Can green roofs provide benefits in climates with strong winters? According to Karen Liu of the National Research Council of Canada's Institute for Research in Construction, the answer is "Yes!"
In an article posted in EnviroZine, green roofs provided a 10% improvement in the heat loss of tested buildings in the winter. The results of the first round of testing were so significant the NRC-IRC began performing a multi-year study on green roofs to verify the results.
Once the benefits were confirmed, the article indicates that NRC-IRC designed green roofs specifically for winter climates. From the article:
"... green roofs are often planted with drought resistant plants ...which grow in a six-centimetre thick layer of a light weight growing medium (such as volcanic rock), the winter green roofs were composed of juniper shrubs... The purpose was to reduce the effect of wind speed (which draws heat from the building) and to increase the building's resistance to heat loss. Junipers were particularly well-suited for the experiment because they are evergreens and spread easily."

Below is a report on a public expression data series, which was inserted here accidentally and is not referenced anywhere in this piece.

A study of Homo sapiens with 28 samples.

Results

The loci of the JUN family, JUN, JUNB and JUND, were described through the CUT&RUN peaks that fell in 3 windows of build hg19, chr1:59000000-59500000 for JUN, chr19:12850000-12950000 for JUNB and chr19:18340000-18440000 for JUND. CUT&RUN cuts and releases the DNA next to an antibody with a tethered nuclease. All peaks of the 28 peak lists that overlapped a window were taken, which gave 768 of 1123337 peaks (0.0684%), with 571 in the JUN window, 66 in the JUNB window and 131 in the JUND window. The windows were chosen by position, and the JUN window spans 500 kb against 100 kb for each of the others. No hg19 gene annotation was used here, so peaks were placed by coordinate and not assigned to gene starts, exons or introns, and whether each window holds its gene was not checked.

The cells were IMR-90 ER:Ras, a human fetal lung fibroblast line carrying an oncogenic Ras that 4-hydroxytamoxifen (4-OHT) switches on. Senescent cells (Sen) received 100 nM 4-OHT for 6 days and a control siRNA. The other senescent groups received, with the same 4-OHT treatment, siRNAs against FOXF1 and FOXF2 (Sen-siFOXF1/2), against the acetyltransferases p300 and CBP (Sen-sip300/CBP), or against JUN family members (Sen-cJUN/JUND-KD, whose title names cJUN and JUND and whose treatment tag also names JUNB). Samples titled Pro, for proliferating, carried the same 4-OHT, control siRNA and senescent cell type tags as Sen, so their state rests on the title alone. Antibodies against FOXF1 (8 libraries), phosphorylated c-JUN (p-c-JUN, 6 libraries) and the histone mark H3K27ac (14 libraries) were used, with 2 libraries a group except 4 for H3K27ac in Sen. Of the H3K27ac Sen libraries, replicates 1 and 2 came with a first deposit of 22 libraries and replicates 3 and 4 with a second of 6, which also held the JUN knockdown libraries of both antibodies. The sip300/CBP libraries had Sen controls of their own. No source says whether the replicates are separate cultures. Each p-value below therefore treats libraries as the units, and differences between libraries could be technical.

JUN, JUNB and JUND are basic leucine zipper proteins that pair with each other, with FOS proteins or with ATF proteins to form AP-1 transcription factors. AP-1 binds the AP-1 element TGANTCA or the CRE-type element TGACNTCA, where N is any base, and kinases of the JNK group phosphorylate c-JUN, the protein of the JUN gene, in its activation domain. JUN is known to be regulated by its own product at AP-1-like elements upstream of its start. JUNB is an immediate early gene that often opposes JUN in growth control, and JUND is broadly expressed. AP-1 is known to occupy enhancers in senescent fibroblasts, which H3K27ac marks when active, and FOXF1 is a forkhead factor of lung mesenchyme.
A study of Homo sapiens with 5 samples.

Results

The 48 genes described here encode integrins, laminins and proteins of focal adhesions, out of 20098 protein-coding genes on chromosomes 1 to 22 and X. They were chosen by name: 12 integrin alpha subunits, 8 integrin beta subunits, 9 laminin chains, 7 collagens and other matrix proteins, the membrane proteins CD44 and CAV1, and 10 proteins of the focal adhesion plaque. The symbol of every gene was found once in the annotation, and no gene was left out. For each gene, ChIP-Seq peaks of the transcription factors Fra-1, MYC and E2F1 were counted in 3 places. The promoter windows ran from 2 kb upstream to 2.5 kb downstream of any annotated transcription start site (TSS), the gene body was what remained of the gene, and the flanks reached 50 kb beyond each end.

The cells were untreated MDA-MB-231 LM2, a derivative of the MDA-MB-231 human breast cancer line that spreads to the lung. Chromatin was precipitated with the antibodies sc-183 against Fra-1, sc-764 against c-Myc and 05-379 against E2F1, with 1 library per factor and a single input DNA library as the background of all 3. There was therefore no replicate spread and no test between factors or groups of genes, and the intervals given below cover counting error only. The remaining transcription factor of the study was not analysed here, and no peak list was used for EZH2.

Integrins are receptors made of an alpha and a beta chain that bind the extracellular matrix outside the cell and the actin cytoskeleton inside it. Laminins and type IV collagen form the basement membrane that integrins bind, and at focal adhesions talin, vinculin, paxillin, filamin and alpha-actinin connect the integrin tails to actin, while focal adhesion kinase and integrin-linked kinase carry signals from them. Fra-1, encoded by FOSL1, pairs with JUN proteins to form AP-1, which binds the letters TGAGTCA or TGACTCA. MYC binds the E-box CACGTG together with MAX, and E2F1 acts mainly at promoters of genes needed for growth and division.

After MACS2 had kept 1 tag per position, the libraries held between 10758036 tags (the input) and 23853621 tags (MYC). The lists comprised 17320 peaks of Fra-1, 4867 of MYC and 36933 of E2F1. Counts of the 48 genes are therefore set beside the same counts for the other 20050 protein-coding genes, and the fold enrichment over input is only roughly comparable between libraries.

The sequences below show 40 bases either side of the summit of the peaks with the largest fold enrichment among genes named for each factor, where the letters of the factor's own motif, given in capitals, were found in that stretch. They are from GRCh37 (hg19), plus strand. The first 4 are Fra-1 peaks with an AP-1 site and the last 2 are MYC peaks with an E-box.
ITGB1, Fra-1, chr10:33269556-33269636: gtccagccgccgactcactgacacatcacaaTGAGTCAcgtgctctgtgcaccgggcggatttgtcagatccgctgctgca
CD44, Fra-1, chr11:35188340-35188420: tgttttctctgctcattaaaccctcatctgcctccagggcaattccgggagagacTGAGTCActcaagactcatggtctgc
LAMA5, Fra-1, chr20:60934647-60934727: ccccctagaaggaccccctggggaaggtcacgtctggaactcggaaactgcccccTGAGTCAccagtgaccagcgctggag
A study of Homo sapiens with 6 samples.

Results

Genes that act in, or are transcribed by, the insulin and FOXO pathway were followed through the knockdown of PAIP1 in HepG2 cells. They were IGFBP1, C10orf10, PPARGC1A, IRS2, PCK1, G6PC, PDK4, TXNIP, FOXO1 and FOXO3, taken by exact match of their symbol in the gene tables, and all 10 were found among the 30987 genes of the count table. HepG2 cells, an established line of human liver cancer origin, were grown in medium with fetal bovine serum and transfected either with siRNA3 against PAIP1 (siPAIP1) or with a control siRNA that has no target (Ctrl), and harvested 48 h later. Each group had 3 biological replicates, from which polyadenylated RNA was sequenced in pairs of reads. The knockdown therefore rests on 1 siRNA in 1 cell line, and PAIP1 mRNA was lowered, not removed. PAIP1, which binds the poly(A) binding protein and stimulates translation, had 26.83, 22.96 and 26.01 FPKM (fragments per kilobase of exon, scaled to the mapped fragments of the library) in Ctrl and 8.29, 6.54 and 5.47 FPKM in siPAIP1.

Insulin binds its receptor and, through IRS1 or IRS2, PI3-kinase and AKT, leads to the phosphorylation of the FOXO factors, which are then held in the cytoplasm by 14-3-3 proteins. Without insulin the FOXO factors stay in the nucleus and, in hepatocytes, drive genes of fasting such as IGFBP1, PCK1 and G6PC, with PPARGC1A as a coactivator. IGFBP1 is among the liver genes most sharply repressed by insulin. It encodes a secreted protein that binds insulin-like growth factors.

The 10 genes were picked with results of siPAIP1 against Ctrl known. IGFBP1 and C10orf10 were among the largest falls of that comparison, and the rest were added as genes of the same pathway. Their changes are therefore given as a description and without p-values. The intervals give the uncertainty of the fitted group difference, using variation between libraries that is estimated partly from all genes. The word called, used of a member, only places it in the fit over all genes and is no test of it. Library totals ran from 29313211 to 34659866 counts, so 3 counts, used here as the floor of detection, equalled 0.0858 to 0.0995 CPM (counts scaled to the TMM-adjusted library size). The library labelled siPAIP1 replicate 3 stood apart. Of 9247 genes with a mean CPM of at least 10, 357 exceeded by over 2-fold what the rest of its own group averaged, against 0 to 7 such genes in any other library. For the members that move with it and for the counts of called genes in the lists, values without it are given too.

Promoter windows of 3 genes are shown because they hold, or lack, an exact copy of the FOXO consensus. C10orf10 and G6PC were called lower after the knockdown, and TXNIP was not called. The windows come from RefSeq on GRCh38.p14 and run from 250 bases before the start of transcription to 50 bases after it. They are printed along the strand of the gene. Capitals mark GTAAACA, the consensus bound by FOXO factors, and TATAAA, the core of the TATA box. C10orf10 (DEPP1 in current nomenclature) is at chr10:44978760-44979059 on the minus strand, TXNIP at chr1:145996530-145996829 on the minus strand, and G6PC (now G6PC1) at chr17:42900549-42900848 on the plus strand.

The research on both traditional home structures and homes built specifically for cold climates found that the juniper-based, winter green roofs increased heating efficiency by 10 and 8.5% respectively. Additionally, the winter green roofs helped to reduce the fluctuation in roof temperature, thus improving the life of the roof itself.
It would be very interesting to see if cities such as Chicago could benefit from the addition of junipers to their large number of green roofs.